Seen on a local rural road - Geese Police!
From someone who lived with geese: Geese are fantastic guard animals, but they guard everything, and not in the nicest ways. And you would need to have more than just one, but they are fairly easy to keep, especially if you like a well fertilized lawn. When my sister and I got goslings as children, they completely imprinted on us and followed us everywhere. However, when they matured, they became very territorial and would sound an alarm at anything new. They would also chase us and bite our behinds so much that we had to carry sticks with us to beat them off. On a positive note, very few visitors ever got out of their cars until we showed up to help them.
Honk If You Think Geese Are Good Guard Dogs
Some cops in China now use feathered friends instead of canine companions.
Cheese it, it's the geese!
Police in rural parts of China's Xinjiang Province are no longer turning to dogs to stand guard at police stations at night. They're using geese instead. And it works.
According to a recent report, a guy tried to break into a police station to take back a motorbike confiscated by the cops. The guard geese sounded the alarm, awakening the sleeping officers.
But ... really? Guard geese?
To gain insights into goose behavior, we spoke with Patrick Cumins, director of bird conservation at Audubon Connecticut, who has seen barnyard geese in action at a neighborhood park.
Would geese make good guards?
They have amazing hearing. And almost all birds have amazing eyesight. Not only do they see better at a distance than humans do, they can also see things up close [better than we do].
Our eyes have three different color sensors that combine to build the picture in our brain. Birds add a fourth—ultraviolet. They have a much wider range of wavelengths they can view. Things are going to look sharper. And they can pick out smaller things [as well as movement].
And I guess they're not shy when an intruder is sighted?
In terms of alerting people to activity, yeah, they're very vigilant. They're territorial. And certain species can be quite loud, especially the barnyard varieties.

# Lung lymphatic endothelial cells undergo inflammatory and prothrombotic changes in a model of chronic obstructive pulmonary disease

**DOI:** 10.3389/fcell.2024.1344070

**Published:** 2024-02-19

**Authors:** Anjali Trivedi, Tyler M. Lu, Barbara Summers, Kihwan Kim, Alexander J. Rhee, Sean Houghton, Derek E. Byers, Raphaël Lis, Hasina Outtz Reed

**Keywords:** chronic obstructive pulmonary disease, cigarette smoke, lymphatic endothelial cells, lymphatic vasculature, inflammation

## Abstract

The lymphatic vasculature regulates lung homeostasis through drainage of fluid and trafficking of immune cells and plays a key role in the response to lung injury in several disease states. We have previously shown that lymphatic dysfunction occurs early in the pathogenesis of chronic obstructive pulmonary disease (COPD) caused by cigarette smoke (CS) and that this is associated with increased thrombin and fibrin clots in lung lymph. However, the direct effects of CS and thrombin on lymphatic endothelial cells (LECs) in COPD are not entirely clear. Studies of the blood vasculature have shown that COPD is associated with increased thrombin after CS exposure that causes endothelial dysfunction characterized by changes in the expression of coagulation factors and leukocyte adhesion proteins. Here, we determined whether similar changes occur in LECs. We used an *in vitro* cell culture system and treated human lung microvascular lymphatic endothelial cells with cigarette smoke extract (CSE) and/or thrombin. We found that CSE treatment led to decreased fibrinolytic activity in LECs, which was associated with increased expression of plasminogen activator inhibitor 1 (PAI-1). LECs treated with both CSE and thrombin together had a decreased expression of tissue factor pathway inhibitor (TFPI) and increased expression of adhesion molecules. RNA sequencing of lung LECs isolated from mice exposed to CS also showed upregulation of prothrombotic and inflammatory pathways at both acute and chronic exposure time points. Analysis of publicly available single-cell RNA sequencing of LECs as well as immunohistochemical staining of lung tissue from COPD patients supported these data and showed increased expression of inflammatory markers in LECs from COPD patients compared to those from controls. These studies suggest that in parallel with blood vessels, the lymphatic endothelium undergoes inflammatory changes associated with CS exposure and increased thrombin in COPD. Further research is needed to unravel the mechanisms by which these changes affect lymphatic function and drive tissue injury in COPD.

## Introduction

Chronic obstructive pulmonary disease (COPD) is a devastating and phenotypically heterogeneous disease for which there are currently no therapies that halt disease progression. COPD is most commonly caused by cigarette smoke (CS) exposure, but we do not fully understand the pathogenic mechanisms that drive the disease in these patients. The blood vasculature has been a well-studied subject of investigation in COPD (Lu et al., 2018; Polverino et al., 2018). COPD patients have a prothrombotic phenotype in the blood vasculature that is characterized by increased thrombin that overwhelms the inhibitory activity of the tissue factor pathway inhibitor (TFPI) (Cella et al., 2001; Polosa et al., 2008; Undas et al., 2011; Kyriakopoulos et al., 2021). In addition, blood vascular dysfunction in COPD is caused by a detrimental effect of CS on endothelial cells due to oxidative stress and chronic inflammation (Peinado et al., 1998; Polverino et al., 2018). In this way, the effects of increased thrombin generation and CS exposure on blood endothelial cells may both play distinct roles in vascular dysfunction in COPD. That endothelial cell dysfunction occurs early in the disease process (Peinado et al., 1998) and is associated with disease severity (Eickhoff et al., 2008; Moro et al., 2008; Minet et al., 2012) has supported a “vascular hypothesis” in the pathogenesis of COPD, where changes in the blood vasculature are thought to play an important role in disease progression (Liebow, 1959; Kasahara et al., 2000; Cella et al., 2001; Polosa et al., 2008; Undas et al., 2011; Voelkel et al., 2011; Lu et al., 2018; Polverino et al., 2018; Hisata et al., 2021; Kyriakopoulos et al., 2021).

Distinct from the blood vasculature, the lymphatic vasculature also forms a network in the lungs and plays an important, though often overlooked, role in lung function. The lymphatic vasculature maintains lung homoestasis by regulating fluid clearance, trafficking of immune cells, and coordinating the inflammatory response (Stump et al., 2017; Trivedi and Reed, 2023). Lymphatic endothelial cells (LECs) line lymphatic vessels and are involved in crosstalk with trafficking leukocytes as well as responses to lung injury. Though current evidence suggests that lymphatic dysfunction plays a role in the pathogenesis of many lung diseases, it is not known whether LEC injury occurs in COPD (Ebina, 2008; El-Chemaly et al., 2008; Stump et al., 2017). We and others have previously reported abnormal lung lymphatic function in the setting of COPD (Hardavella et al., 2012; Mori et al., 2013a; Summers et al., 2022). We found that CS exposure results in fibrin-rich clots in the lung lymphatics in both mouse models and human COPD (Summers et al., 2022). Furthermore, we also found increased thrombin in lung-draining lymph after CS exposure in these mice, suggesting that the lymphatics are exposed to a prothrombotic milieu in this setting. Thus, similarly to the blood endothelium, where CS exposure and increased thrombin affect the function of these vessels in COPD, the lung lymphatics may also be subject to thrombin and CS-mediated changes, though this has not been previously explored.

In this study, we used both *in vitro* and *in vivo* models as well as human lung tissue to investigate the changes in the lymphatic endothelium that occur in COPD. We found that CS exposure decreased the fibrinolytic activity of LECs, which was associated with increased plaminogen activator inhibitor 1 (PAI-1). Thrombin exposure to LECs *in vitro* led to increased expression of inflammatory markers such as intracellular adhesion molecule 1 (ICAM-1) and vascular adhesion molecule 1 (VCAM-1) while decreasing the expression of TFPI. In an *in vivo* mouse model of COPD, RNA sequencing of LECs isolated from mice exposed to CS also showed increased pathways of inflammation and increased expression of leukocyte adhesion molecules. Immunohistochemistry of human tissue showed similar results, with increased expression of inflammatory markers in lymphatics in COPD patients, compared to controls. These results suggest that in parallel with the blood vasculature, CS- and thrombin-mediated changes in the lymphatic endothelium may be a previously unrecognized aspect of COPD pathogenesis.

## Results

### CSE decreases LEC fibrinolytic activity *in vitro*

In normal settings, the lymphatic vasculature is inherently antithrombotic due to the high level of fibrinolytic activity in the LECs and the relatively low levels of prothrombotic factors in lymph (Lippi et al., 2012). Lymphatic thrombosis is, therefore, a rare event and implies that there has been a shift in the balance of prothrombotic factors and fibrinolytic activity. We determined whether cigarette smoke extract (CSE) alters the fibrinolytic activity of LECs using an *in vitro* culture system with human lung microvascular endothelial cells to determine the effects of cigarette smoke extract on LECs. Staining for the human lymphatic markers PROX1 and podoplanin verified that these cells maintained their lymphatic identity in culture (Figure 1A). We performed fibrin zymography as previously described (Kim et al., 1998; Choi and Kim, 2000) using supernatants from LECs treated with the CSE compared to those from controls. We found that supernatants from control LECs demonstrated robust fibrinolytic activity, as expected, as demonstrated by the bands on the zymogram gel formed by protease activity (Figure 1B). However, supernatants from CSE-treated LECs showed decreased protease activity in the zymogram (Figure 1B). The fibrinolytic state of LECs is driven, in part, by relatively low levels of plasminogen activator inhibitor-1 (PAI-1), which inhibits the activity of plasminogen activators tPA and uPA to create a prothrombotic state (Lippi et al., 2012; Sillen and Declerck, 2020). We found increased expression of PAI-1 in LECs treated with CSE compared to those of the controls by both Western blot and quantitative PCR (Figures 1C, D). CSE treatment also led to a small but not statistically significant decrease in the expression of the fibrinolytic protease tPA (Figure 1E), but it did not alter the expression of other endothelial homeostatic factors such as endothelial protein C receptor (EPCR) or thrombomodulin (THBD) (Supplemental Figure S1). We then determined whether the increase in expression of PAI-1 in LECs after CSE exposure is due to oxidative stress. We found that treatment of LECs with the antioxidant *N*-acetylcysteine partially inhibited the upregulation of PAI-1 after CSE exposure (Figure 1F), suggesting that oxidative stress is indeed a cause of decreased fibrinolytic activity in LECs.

Besides guarding a police station, are there any other things geese might guard?
I understand people in this country are using geese to guard their free-range chicken flocks.
So they're just really good watchdogs.
That's the beauty of it: It's instinct for them. They're territorial. They could fly off anywhere they want to, but they hang around their home. That's just the way a lot of geese act. Certain of them can be rather vigilant in defending their territory.
Would the same be true of swans?
I haven't heard of anybody using guard swans, but they can even be more aggressive than geese [when it comes to] defending their territory. There are stories of them knocking people out of kayaks, tangling with people and actually injuring them.
Is there any danger a guard goose would turn on a cop?
I don't think so. They seem to recognize you as part of the flock. If a new person came, the uniform might help the geese to acclimate [to that person]. People might all look the same [to a goose] if they're wearing uniforms.
Could a criminal distract a guard goose?
Dogs you can give some steak and they might be a little distracted. It's pretty hard to give geese something that's going to distract them enough where they wouldn't make noise. They might make more noise if you throw something yummy at them. And once they get going, they're hard to quiet down.
What would you feed them, anyway?
Geese are fairly easy to take care of. Feeding them is relatively inexpensive. There are specific [feed] mixes for geese, but they're happy eating cracked corn and grazing on grass.
Do geese have any other police-like traits?
The barnyard geese that live in our park are used to lots of people. They're not afraid of cars. They can be brazen. A major road goes right by [the park where the geese live]. Every once in a while all traffic stops as the geese walk across the road.
So a goose might also apply for a job as a crossing guard?
Yeah. You see one of the more dominant geese stop and stare down the cars while the others are crossing.